Attorney Published Article
Arkansas Enacts Guaranteed Asset Protection Waiver Act
Auto Finance Excellence
Last month, the Arkansas legislature passed House Bill 1672 to enact a statutory framework within which guaranteed asset protection (GAP) waivers may be offered in the state. Previously, GAP waivers were largely unregulated in Arkansas. As a result, creditors will need to familiarize themselves with the new law and ensure they take the necessary steps for compliance. The act contains several key provisions that we commonly see in GAP waiver acts.
The new law clarifies that GAP waivers are not insurance and are exempt from the state’s insurance laws. Additionally, entities that market, sell, or offer to sell GAP waivers to borrowers who comply with the act are exempt from the state’s insurance licensing requirements.
Arkansas law now provides creditors the option to sell GAP waivers for a single payment or with a monthly or periodic payment option. Any cost to the borrower must be separately itemized in the finance agreement, and it will not be considered a part of the finance charge or interest. The act does not set a maximum cost for GAP waivers.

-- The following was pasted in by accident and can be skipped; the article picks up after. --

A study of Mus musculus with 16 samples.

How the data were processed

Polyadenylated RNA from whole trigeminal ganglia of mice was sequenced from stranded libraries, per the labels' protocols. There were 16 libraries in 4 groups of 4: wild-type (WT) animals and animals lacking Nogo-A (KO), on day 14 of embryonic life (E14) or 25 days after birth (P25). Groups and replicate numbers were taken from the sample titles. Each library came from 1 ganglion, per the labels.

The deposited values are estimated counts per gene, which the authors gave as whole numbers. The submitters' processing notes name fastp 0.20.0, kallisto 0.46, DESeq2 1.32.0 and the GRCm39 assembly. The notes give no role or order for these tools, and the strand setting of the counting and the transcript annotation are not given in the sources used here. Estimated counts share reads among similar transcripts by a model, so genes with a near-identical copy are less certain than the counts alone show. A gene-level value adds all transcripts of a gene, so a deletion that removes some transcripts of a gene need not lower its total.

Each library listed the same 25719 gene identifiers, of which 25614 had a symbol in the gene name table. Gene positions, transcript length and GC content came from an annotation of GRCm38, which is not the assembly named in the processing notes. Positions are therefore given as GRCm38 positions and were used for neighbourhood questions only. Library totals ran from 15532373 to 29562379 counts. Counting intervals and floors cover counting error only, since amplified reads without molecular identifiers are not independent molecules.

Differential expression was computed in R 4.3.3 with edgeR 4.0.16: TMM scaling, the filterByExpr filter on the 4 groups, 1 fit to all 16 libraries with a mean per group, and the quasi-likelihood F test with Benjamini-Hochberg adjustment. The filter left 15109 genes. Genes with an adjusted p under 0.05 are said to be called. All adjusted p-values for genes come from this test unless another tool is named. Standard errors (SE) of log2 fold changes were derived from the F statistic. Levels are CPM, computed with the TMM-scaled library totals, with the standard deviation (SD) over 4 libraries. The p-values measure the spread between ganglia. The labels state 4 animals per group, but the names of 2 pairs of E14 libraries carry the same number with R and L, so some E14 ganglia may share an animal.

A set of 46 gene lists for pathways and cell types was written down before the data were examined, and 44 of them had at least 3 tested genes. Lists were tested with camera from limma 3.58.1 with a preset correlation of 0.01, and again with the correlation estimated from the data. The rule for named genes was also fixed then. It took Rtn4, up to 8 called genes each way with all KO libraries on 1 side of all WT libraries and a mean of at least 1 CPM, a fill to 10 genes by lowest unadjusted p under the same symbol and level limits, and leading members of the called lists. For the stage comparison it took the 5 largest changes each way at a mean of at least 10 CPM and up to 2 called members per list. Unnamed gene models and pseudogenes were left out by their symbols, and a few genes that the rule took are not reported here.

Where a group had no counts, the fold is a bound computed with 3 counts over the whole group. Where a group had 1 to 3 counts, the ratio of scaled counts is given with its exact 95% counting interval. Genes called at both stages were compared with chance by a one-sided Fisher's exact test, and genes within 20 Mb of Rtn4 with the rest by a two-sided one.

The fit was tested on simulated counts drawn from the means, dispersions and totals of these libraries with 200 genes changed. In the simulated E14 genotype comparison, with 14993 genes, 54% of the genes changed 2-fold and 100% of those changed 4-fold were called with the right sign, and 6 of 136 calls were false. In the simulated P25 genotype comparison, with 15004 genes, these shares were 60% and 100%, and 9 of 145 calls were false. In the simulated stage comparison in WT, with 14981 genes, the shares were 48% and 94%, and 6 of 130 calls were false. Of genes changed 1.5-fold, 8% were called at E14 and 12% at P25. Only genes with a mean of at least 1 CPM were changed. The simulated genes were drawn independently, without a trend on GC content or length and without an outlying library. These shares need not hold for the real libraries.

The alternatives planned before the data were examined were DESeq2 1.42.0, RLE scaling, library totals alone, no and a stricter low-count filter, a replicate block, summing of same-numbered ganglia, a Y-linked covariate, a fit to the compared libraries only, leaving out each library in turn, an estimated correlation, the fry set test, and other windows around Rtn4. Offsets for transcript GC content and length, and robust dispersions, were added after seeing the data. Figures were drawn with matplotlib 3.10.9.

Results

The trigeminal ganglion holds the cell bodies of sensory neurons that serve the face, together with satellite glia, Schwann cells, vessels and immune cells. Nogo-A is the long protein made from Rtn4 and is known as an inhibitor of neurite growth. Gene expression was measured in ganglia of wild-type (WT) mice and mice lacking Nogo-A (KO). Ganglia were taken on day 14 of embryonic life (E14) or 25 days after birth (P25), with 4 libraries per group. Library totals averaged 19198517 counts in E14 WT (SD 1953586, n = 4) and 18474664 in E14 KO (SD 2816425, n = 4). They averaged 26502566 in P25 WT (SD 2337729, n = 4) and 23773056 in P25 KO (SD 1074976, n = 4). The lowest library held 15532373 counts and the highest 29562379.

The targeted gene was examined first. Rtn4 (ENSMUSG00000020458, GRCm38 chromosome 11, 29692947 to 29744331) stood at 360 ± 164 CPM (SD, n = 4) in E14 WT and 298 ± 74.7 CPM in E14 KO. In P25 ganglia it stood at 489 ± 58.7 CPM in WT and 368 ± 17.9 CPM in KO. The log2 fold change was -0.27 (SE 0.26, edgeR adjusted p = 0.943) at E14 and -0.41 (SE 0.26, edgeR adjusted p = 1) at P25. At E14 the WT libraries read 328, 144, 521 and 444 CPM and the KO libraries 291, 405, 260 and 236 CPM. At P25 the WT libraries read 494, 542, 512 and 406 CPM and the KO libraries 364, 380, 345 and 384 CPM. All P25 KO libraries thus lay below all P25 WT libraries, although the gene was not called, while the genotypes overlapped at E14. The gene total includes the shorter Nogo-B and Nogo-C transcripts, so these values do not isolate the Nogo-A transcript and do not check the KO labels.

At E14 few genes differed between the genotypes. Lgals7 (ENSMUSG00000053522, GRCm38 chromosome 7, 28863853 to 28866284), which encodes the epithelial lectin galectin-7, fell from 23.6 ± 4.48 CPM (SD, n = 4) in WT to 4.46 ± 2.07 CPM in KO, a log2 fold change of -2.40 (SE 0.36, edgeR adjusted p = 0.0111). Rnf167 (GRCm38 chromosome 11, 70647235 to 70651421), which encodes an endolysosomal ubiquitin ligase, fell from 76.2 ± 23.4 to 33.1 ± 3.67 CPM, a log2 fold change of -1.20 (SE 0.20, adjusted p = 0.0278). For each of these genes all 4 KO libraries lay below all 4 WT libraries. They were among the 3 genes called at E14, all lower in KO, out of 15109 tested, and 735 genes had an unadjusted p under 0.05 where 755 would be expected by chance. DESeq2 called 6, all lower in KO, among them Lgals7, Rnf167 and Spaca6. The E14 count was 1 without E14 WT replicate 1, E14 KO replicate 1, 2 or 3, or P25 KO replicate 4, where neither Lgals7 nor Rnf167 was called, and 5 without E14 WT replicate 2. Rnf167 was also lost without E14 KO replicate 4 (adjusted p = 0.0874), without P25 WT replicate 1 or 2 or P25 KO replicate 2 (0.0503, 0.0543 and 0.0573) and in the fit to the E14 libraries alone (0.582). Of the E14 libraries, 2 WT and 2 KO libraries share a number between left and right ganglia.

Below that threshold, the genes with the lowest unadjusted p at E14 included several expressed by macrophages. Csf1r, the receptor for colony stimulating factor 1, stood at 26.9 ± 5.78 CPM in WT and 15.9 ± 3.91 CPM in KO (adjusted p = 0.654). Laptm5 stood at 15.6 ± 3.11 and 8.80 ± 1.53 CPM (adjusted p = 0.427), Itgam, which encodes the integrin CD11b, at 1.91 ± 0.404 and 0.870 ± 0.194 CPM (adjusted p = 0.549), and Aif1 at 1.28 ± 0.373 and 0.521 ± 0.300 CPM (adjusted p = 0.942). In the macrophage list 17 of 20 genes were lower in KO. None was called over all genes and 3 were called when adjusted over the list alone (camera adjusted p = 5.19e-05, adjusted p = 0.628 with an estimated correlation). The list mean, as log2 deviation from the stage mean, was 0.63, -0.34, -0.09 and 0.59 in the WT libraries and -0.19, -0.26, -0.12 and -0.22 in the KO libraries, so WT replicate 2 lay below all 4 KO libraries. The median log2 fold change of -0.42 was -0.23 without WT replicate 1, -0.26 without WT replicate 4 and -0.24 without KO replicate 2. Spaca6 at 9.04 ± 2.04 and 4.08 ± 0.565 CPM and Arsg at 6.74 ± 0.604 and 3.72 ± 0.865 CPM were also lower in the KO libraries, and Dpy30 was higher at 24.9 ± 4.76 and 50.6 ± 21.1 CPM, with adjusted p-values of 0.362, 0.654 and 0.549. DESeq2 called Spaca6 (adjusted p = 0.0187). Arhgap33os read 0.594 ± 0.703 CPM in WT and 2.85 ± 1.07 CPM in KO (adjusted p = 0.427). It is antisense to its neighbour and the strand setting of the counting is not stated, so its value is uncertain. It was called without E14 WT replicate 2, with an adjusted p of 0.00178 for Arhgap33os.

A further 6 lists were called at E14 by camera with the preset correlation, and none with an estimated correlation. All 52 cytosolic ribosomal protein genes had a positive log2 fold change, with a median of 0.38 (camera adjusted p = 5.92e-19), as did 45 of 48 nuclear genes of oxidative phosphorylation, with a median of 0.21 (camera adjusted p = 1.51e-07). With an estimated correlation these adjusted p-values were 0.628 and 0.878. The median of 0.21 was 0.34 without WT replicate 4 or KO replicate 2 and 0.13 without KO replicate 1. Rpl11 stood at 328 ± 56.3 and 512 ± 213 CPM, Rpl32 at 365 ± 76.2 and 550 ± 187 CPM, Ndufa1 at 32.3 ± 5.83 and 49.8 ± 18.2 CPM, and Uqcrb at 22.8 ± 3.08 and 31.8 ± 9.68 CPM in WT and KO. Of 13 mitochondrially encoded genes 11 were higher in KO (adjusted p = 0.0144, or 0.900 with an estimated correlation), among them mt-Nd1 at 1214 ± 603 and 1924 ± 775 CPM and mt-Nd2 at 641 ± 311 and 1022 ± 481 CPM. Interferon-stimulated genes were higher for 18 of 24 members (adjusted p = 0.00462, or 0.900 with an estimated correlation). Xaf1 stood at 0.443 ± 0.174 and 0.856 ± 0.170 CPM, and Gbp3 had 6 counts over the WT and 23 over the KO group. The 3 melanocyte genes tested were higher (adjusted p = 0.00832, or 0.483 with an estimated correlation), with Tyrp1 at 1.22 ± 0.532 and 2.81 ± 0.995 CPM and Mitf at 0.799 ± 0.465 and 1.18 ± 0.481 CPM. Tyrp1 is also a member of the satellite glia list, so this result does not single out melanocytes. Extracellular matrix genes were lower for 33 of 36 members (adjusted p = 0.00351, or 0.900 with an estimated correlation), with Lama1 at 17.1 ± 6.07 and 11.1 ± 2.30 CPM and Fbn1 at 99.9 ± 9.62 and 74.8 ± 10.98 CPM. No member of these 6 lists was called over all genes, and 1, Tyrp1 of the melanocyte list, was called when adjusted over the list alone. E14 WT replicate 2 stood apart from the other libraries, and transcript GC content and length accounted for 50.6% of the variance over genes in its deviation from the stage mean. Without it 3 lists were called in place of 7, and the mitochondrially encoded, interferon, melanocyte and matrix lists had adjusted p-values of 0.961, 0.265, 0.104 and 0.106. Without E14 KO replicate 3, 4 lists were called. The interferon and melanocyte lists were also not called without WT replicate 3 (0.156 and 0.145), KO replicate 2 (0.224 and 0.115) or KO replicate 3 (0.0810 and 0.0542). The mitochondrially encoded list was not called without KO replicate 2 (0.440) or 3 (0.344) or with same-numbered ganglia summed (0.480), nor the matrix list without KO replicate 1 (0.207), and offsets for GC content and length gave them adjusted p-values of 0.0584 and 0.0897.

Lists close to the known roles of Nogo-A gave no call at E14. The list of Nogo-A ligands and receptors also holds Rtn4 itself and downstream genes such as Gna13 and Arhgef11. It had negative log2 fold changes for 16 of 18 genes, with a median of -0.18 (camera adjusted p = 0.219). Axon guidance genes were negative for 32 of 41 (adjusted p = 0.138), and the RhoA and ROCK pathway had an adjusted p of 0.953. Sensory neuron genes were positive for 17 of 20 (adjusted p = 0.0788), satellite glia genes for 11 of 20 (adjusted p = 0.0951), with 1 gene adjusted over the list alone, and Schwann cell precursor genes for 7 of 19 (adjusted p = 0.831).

House Bill 1672 requires that GAP waivers remain a part of the finance agreement upon assignment. Further, the extension of credit, the term of credit, or the term of the related motor vehicle sale or lease may not be conditioned upon the purchase of a GAP waiver.
Under the act, debtors must be provided a free look period of not less than 30 days, during which, a debtor may cancel the GAP waiver with no penalty, fees, or costs to the debtor. A debtor exercising the right to cancel under a free look period is entitled to a full refund, so long as no benefits have been provided.
All GAP waivers must contain certain disclosures in clear, understandable language that is easy to read. Those disclosures include but are not limited to, the names of the parties, the price and terms of the GAP waiver, and whether the waiver is cancellable. In addition, Arkansas law establishes requirements regarding cancellation and refunds after the free look period. The penalty for non-compliance with the act is up to $500 per violation, with a cap of $10,000 for violations of a similar nature.
Arkansas’s new GAP waiver law act will become effective on July 24, 2019. Creditors should review their current forms and policies now, so that they can be ready to comply on that date.
This article originally appeared on Auto Finance Excellence, a sister service of Auto Finance News. McGlinchey Stafford is pleased to serve as the official Compliance partner of Auto Finance Excellence, providing insights and thought leadership through webinars, podcasts, and monthly columns.